Today we learned of another mass shooting, this time on the campus of Seattle Pacific University, a small private Christian university outside Seattle. Two weeks ago the same sort of event happened at University of California Santa Barbara. Last night and every night in cities across the nation, the same thing happened, as young people, mostly young men, were gunned down. Meaningless deaths of mostly young people due to another young person wielding a gun.
In a recent “Daily Show with John Stewart”, Stewart turned his satirical wit on the news media which has now begun to portray such meaningless slaughter of our young as “inevitable.”(The segment on guns starts at about the 3:15 point; its powerful and worth a look). Things have gotten so absurd that even the NRA is not sure how far its gun-slinging, gun-toting enthusiasts should be encouraged to go. (See this link to the article.)
The truth is only a fraction of the gun-related violence in our country ever makes the news, and usually only when such incidents involve white folks in places like elementary schools and college campuses. As horrific as the SPU and UC-Santa Barbara shootings are (a death is a death no matter where it occurs), the media generally ignores the carnage occurring in poor and urban communities all the time. Yet as Stewart points out, even white kids shooting white kids now has become “old news.”
When the media pundits try to get to the causes they point to mental illness, family stress, depression, low self esteem and the like – all of which are contributing factors – but rarely do the mention the one common factor:  the ready availability of guns in this country whether thru legal or illegal means. Take the guns away and there will still be troubled youth and a certain level of violence will exist, but the dead body count will go way down.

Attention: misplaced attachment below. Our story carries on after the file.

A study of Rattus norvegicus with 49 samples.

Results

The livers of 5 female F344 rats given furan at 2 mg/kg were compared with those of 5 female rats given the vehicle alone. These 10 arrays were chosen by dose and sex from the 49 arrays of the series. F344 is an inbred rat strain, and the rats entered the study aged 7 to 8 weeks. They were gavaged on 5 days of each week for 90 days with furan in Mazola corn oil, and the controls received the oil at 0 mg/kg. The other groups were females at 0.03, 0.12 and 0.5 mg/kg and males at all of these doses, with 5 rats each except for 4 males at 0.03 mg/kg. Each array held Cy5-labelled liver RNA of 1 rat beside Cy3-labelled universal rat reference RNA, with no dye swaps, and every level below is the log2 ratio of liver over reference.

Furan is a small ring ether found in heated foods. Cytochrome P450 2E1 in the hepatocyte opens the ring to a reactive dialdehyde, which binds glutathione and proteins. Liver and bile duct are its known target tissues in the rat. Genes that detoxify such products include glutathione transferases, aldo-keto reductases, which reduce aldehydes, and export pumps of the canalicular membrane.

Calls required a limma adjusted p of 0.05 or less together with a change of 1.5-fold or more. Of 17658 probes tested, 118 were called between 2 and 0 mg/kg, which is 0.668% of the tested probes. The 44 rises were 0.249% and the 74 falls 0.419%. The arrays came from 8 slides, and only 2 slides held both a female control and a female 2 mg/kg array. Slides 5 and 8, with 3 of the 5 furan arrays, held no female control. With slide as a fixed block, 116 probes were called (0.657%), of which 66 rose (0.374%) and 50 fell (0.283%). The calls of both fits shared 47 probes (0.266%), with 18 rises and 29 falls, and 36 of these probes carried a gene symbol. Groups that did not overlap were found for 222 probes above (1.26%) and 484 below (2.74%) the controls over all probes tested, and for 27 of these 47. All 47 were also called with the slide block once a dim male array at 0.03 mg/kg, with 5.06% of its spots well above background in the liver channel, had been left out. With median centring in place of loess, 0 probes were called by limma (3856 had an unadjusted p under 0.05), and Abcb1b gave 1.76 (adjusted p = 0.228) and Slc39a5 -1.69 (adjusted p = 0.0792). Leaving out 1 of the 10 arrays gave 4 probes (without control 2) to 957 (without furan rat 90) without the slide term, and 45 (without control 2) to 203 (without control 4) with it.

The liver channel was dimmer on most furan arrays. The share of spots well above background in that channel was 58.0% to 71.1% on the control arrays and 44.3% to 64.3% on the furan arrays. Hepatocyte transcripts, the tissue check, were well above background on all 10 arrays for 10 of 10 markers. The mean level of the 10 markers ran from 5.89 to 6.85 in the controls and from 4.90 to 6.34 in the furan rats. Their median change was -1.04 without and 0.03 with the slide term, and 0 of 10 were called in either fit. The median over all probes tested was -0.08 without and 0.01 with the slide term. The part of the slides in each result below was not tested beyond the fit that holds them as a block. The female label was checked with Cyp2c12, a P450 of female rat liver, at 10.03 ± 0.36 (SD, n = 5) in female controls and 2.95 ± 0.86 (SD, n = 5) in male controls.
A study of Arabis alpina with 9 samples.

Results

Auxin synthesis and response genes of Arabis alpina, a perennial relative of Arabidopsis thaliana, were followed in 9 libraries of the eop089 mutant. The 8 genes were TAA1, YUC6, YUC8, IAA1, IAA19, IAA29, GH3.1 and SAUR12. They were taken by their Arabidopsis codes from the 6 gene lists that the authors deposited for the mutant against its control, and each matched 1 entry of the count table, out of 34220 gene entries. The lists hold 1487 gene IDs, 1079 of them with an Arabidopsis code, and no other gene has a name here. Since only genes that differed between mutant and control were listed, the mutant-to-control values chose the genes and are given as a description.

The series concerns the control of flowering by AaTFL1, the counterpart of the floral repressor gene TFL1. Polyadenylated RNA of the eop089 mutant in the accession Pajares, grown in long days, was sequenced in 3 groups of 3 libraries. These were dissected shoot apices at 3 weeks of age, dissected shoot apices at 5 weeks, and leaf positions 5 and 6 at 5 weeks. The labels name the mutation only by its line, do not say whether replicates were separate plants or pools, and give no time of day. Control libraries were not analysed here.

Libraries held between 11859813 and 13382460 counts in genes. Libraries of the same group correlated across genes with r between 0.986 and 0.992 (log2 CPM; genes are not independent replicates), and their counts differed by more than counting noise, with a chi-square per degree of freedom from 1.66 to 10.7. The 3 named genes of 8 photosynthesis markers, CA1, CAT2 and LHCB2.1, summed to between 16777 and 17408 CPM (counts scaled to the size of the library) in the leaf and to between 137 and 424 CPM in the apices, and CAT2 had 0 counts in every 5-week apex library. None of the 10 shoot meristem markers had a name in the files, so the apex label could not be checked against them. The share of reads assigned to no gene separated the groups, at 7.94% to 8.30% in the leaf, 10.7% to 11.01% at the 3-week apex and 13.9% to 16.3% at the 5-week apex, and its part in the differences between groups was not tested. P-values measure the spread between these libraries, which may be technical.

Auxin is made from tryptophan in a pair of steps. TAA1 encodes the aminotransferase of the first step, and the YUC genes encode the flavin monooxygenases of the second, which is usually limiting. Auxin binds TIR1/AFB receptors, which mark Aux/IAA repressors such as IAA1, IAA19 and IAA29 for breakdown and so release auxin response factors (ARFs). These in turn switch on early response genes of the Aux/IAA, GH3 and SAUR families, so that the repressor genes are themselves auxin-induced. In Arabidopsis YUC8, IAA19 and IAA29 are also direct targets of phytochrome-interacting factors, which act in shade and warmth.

Let me share a personal illustration. When I was 22 years old living in Boston, I was mugged by an assailant who demanded I give him my watch. When I resisted, he hit me several times with a baseball bat. I had to go to the emergency room but I survived the ordeal. Had that same event occurred today, most likely I would have been shot, the difference being in the late 1970’s guns were very rare in even seemingly “dangerous” neighborhoods such as where I lived. Don’t get me wrong, there were certain places one did not go to maintain safety, but in six years of working with street kids I never saw a gun and only hear one a few times. There was violence to be sure, but few firearms.
Anyone who reads this blog knows that I am passionate about addressing issues of inequity and injustice in many areas, and violence of any kind is something that needs to be addressed. However, let’s not be stupid or blind or in absolute denial. If we want to reduce the carnage of our young people which has become all too common, we need to start with reducing the availability of guns. We need to pass laws strengthening and expanding background checks, limit sales to one handgun a month, require fingerprint identification and licensing, hold gun dealers responsible for prohibiting straw purchases and require all guns lost or stolen to be reported the police. Hunters can still hunt. Target shooters can still shoot. People who feel they must have a gun due to some distorted view of the Second Amendment can still get their gun. All I am suggesting is that we don’t make it as easy to get a gun.


If we want to reduce the carnage, the solution is not difficult – its starts with the guns. And to those who say that gun violence is inevitable, let’s call such logic what it is: BULLS**T!